The Legacy of Red-Lining: Racist Home Appraisals
Millions of recently released records show that racist home appraisals are a real and growing problem
It would be a mistake, however, to think that homeownership has transcended the racist history of legalized red-lining. The practice maintains a legacy in the form a ubiquitous but under-examined practice—home appraisals.
In a new study called “Appraised: The Persistent Evaluation of White Neighborhoods as More Valuable than Communities of Color” by Dr. Junia Howell and Dr. Elizabeth Korver-Glenn, they examined recently released records of appraisal reports—the first time such data has ever been available for this kind of study.
The data scientists looked at cities that had metro areas of over 500,000 people and at least 50,000 people of color. The findings were clear—"The higher the proportion of white residents in each community, the higher the appraised value of individual homes.”
And the problem is getting worse. The report also states that, “Among other results, we find that neighborhood racial inequality in appraised values grew by 75% in the past decade and that the COVID-19 pandemic and its associated monetary policy further exacerbated this inequity.”
The Bureau of Labor Statistics shows that 97 percent of home appraisers are white. Such a racially lopsided industry is acutely vulnerable to unconscious bias against Black homeowners and other people of color.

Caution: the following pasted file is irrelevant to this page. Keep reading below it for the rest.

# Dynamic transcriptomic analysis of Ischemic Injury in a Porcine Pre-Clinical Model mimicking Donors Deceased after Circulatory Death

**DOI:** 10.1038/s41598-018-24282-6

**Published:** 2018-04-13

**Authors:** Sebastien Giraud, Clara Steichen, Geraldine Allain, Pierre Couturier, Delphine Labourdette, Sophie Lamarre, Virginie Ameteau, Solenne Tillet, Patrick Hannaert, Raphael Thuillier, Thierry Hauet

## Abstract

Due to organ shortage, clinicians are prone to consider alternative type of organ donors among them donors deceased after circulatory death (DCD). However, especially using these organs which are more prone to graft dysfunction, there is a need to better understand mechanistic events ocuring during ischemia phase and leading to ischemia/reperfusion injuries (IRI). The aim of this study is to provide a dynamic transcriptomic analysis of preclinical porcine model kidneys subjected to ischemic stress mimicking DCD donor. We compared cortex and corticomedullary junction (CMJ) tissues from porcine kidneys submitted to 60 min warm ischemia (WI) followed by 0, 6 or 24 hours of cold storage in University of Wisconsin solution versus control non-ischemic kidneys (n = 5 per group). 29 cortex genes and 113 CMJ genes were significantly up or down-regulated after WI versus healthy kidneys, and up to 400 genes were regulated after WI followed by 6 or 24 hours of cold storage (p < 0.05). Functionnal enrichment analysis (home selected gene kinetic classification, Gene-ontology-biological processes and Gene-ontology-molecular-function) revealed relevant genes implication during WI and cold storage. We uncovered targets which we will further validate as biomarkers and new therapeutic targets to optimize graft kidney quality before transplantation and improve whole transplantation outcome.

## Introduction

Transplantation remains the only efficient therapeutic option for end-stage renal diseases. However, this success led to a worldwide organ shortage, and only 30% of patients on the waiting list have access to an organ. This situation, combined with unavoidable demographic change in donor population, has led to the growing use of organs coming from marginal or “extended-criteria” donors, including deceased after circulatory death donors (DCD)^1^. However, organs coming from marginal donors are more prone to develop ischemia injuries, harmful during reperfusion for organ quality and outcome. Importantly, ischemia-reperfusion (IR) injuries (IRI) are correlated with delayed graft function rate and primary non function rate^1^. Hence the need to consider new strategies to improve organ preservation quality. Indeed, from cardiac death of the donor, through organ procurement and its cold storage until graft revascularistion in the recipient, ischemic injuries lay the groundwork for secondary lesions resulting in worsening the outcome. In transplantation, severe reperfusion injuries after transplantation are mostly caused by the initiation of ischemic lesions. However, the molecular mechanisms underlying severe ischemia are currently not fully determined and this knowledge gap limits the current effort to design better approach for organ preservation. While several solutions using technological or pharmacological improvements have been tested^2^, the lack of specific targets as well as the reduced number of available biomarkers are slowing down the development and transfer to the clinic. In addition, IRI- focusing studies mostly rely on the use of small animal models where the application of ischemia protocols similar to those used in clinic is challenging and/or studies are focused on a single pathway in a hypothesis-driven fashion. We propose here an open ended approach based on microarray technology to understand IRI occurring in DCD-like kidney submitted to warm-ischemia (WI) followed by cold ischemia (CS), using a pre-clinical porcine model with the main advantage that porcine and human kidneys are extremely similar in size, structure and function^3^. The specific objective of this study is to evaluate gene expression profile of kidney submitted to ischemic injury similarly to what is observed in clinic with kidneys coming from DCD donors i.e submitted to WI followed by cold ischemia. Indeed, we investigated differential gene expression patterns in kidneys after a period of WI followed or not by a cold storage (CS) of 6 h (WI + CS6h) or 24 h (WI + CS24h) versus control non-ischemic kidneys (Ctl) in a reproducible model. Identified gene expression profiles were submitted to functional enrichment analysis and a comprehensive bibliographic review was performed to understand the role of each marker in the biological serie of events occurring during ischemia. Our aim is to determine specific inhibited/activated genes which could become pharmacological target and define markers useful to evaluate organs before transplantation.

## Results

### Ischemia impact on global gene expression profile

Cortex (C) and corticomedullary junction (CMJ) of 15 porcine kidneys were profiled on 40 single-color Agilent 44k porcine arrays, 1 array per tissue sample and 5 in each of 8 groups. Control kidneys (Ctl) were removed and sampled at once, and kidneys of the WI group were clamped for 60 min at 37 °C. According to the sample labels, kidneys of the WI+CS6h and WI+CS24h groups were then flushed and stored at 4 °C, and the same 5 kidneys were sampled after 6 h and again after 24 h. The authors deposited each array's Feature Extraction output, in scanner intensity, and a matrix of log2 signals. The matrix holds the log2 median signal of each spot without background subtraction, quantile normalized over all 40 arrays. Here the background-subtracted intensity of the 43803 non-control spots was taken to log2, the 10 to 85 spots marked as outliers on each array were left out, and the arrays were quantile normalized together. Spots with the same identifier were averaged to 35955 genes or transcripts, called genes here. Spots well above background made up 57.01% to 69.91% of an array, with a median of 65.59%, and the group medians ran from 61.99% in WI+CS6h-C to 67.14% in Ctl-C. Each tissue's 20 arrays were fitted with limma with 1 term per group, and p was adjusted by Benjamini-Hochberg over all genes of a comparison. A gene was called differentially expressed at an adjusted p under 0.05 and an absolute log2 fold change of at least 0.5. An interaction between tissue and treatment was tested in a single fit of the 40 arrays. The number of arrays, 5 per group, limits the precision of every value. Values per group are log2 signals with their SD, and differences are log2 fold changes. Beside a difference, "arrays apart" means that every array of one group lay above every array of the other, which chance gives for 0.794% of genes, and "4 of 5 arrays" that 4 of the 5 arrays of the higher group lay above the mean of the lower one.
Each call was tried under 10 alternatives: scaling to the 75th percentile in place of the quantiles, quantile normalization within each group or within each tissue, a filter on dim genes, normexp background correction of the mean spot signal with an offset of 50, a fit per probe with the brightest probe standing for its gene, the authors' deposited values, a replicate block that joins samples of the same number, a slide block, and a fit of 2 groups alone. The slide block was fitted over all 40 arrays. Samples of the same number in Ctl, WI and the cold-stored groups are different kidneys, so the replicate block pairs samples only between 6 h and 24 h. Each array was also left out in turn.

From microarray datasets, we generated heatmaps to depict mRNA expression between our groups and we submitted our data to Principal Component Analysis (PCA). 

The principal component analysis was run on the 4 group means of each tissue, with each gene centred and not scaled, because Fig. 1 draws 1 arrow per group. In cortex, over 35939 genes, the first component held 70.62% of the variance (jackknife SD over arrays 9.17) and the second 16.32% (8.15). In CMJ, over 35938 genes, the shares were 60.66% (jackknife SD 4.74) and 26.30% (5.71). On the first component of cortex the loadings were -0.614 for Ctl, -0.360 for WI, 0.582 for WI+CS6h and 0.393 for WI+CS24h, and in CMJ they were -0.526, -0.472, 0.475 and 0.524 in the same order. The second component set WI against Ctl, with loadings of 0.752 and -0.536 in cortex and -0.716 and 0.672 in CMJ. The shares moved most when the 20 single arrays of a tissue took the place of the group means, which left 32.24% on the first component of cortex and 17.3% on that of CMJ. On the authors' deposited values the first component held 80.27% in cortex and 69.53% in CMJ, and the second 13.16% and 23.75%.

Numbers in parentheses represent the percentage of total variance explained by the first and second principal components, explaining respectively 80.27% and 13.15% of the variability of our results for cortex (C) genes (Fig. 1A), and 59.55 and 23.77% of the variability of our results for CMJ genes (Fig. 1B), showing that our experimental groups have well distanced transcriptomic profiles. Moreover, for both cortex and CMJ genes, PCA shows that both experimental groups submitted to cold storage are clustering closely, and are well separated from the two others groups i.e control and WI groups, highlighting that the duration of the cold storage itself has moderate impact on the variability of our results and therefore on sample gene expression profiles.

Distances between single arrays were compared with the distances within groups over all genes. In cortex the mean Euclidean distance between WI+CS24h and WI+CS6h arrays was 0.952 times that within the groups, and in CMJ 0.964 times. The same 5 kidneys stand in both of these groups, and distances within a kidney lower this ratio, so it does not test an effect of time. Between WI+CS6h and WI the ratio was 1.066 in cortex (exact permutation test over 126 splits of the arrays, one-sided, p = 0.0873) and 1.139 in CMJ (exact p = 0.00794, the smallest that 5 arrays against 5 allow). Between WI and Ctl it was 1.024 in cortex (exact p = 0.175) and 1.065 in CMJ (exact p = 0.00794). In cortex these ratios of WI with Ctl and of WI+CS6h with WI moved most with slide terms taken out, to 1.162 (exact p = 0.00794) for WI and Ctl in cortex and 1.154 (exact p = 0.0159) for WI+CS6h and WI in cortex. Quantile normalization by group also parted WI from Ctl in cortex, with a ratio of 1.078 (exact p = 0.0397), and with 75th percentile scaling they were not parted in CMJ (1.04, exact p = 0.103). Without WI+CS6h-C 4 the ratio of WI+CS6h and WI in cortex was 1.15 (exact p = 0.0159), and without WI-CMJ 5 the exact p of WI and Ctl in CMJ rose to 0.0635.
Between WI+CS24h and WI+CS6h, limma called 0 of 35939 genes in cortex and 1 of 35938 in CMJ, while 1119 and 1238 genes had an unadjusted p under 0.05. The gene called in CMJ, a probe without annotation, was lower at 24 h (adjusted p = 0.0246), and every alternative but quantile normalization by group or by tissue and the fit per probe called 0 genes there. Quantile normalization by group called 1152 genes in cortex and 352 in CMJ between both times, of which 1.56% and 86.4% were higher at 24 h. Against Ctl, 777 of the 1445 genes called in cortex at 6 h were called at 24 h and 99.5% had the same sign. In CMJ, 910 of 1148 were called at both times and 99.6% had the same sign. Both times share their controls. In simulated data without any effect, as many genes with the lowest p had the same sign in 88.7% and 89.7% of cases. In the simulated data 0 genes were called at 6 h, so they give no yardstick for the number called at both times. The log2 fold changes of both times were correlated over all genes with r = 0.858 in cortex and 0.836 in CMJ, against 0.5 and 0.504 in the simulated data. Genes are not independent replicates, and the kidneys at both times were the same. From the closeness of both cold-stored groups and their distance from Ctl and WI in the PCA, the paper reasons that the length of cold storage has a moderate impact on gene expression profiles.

This report on racial inequality in home appraisals demonstrates once again that racism is less a matter of attitudes than assets. The detrimental effects of racism are not only psychological but material as well.
A lack of wealth negatively impacts all kinds of quality-of-life factors such as access to quality health care, the resources available for formal education, and what resources can be passed on to the next generation.
Until our elected officials, business owners, pastors, and the populace treat racism as a crisis of material inequality and not simply one of personal prejudice, the gaps in wealth and well-being will continue to grow.
i AM VERY INTUNED TO RED LINING EFFECTS ON BLACK PEOPLE. THE BOOK THE LAW IS RED REALLY HIT HOME FOR ME. THIS ADDS TO MY AWARENESS. THANK YOU.
TED JOHNSTONE OTTERTEJ@GMAIL.COM
Regarding real estate it is my understanding that the purpose of appraisal of homes is to increase property taxes and if the home buyer feels the amount of the tax is too high they can ask for a review of the appraisal to lower the tax. If so, could that be a reason there is a disparity in real estate appraisals concerning neighborhoods? I am not arguing about the situation, it is more of a question to the little knowledge I have regarding real estate appraisals.
We are a retired white couple that live in what could be defined as a Red Line area. We bought our house in 2005 for $102,000 and today people are listing their homes for sale at $200,000. Our real estate taxes have been raised accordingly.
The homes in this area are 50 or 60 years old and many need remodeling. We have done some remodeling to our home. I do not know what the homes in our development have been sold for but I am sure they were sold close to the appraised value if they were remodeled.